David J. Rotfleisch Opinion Taxation

Is the CRA’s public shaming an effective deterrent of tax evasion?

The CRA is sending a clear message that tax evasion does not pay, says David J. Rotfleisch

Author: David J. Rotfleisch

TORONTO – The Canada Revenue Agency publicizes tax evasion convictions as part of the concept of general deterrence. The practice has a long tradition. In Victorian England, pickpockets were hanged for their crimes — and their hangings were often worked by other pickpockets. So, the effectiveness of the concept of general deterrence has long been in question.

Today, we can think of it as public shaming, akin to being a registered sex offender. There is no question, however, that the CRA’s general deterrence news releases make for interesting reading. 

Accountants also have to be careful not to become inadvertently caught up in client tax evasion because of the risk of third-party advisor penalties. 

Take, for example, the case of Cabot Ford Lincoln Sales Limited, a St. John’s Newfoundland car dealership, and Frank Clarke, who controlled the company, each convicted of one count of income tax evasion over three years from 2009 to 2011. The amounts were fairly low, consisting of personal expenses claimed in the Corporation related to $23,000 of driveway paving, over $9,000 for shelving, and approximately $38,000 in landscaping. 

The taxpayers, Cabot Ford Lincoln and Clarke, were sentenced to fines of $90,000, $33,000 and $57,000 respectively, being 100 per cent of the taxes evaded. They were also charged civil gross negligence penalties of $47,000. 

There is no suggestion that the accountant knew that personal expenses were being claimed. But presumably, the accountant did attend at the dealership. Shelving and driveway pavement would not be obvious improvements to the dealership, so the accountant would not be expected to have noticed them. Landscaping improvements should have been a red flag. 

Did the accountant ask questions? Dealerships typically have audited financial statements because of third-party financing. At the very least, it should have been a review engagement. 

Should the accountant have been aware of this tax evasion? In the summer of 2000, Parliament introduced new penalty provisions to the Income Tax Act relating to third party tax advisors such as tax accountants or tax preparers.

 There are two penalties: a tax planner’s penalty [Subsection 163.2(2)] and a tax preparer’s penalty [Subsection 163.2(4)]. The preparer penalty applies to anyone who participates in making a statement to, or on behalf of another, where that statement is known to be false or would reasonably be known to be false, but for the presence of culpable conduct.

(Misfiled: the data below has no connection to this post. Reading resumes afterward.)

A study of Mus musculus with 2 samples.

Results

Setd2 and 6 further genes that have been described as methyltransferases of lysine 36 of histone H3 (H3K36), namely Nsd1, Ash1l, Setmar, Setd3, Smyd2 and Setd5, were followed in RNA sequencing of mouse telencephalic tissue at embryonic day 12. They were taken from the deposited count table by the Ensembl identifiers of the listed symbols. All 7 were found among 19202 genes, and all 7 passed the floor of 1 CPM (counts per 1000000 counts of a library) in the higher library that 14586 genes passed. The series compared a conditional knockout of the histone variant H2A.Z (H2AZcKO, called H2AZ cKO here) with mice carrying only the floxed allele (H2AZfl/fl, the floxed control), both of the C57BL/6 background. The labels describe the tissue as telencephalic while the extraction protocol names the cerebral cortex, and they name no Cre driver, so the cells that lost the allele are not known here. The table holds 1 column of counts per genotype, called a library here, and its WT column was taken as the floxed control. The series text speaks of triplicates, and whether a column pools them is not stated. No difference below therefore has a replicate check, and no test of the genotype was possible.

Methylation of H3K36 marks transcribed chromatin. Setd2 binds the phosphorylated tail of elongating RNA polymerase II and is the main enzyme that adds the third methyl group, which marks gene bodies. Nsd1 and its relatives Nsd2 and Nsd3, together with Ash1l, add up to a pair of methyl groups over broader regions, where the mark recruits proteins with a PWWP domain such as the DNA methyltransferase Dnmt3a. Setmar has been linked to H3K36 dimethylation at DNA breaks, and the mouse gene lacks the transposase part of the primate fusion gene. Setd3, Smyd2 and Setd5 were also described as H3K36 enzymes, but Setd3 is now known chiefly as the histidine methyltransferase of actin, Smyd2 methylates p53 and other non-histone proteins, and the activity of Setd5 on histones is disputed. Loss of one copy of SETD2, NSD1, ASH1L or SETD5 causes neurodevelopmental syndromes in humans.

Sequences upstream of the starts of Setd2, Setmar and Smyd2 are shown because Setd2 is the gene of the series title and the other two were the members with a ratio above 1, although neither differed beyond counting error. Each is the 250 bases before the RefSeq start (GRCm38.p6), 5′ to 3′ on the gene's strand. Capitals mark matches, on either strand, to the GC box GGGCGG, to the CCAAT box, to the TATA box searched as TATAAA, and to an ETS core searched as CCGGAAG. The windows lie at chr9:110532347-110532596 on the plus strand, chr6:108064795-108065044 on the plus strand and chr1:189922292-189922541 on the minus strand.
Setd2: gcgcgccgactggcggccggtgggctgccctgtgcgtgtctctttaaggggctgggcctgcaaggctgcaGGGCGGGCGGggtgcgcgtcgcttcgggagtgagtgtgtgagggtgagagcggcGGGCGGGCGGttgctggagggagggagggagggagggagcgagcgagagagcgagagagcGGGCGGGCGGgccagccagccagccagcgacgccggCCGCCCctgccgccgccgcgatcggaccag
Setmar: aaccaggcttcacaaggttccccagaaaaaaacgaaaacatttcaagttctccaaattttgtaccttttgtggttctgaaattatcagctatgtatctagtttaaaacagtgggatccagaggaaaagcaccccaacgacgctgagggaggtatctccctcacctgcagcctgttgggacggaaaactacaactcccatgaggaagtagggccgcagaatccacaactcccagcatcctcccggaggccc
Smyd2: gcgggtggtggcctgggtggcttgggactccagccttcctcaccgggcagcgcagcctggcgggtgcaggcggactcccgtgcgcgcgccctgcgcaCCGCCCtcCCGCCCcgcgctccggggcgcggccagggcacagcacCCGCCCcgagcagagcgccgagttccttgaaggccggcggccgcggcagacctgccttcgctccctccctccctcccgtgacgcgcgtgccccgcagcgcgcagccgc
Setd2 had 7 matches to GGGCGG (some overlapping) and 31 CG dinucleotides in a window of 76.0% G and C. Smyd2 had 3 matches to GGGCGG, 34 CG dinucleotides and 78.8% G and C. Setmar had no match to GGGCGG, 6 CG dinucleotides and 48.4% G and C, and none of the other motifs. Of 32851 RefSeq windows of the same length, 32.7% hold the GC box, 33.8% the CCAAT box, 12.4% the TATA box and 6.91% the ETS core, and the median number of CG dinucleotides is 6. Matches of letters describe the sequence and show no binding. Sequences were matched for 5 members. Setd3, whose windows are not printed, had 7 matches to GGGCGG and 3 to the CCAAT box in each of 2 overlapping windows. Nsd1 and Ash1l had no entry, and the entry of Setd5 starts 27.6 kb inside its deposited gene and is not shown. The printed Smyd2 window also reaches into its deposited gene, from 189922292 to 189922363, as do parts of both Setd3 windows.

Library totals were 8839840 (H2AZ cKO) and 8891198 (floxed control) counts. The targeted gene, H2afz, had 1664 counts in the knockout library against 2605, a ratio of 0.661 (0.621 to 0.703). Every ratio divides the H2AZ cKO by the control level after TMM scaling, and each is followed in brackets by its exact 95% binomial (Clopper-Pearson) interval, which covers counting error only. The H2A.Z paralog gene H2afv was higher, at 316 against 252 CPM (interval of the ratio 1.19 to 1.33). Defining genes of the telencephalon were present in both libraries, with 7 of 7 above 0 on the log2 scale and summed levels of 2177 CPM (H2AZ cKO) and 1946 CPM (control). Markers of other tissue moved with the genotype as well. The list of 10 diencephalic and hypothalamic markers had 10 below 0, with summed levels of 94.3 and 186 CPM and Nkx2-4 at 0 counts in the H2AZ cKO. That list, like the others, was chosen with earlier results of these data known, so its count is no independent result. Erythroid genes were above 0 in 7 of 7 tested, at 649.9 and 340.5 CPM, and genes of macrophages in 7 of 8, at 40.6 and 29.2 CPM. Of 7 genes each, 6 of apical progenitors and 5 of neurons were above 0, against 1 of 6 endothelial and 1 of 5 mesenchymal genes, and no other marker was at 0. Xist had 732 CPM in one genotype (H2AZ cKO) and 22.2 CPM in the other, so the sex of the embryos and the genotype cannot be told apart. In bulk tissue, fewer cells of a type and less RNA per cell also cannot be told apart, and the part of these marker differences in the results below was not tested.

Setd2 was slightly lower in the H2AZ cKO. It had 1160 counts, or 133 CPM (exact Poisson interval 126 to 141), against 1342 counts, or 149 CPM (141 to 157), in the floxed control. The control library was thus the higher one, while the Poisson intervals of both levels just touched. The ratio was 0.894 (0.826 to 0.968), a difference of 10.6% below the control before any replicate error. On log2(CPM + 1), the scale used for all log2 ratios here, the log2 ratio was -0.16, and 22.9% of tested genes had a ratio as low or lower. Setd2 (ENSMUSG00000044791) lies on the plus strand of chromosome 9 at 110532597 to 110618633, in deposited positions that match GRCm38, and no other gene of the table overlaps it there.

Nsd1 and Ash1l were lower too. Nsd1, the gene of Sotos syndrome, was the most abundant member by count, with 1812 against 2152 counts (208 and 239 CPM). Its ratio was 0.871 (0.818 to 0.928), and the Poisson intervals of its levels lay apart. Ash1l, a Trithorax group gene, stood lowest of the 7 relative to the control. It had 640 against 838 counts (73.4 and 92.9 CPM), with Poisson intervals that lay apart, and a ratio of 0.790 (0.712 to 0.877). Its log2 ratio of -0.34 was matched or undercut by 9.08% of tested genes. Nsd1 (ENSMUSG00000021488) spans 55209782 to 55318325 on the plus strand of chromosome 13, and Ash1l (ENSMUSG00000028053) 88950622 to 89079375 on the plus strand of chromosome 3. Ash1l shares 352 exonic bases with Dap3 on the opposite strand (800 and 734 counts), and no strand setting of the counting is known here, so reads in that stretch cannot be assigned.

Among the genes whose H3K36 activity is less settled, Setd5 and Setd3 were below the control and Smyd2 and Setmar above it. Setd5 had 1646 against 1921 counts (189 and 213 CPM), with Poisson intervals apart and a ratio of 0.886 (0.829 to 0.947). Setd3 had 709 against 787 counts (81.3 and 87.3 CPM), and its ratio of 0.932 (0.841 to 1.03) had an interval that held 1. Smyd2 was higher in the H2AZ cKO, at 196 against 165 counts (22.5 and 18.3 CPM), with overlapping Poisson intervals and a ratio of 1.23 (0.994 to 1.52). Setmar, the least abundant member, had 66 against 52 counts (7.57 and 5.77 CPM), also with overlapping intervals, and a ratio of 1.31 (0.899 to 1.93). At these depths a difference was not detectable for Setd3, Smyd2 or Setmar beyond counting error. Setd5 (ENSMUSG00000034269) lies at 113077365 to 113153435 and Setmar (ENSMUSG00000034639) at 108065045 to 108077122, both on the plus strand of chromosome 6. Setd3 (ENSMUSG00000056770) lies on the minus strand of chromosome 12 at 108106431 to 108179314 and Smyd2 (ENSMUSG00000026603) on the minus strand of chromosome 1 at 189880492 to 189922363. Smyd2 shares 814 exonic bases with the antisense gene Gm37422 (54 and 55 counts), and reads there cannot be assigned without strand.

In the absence of actual knowledge that the statements are false, the third party tax penalties are applicable to a person if culpable conduct is present. Culpable conduct is not merely the failure to exercise a reasonable standard of care. It is not a type of negligence, but rather an act or failure to act that would be considered intentional, willful or reckless disregard for the truth or indifference as to whether there is compliance with the Tax Act

So, back to our car dealership. 

Did the accountant ever visit his client’s house? Did he not notice the new landscaping at the house and not at the dealership? You can see how easy it would be for CRA to try to allege culpable conduct in this case even where the accountant is completely blameless. This points out the importance of diligence and note taking by the accountant to provide a defence should CRA become more aggressive in applying third-party penalties. 

A totally different tax fraud occurred with Edmonton accountant and tax preparer Chander Mohan Sharma, who was found guilty of one count of defrauding CRA of more than $5,000. He was convicted of filing $2.9 million in false claims on client tax returns and was sentenced to six years incarceration and ordered to pay close to $300,000 in restitution to 10 of his clients. 

He filed tax returns or amended tax returns and deducted expenses related to self-employment, employment and farming that were either inflated or wholly fictitious. In this case, charges were brought under the criminal code rather than under the Income Tax Act

In both of these cases, the CRA has a new arrow in its quiver to extract yet more money from a convicted tax evader. It has recently announced that they will be applying the forfeiture provisions of proceeds of crime legislation to cases of tax evasion. 

So, for example, they could decide to go after the car dealership even though between gross negligence penalties and the criminal fine, the tax evader has already paid 150 per cent of the taxes evaded — a clear case of overkill should the CRA proceed with forfeiture. 

Under the leadership of the Hon. Diane Lebouthillier, Minister of National Revenue, the CRA is sending a clear message that tax evasion does not pay. And it will cost you more than restitution, penalties and jail time. It will cost you your reputation. 

Try re-building any business when you’re a convicted criminal and no one will do business with you. 

David J Rotfleisch, CPA, CA, JD is the founding tax lawyer of Rotfleisch & Samulovitch P.C., a Toronto-based boutique tax law firm. He appears regularly in print, radio and TV. With over 30 years of experience as both a lawyer and chartered professional accountant, he has helped start-up businesses, resident and non-resident business owners and corporations with their tax planning, with will and estate planning, voluntary disclosures and tax dispute resolution including tax litigation. Visit Taxpage.com and contact David through david@taxpage.com.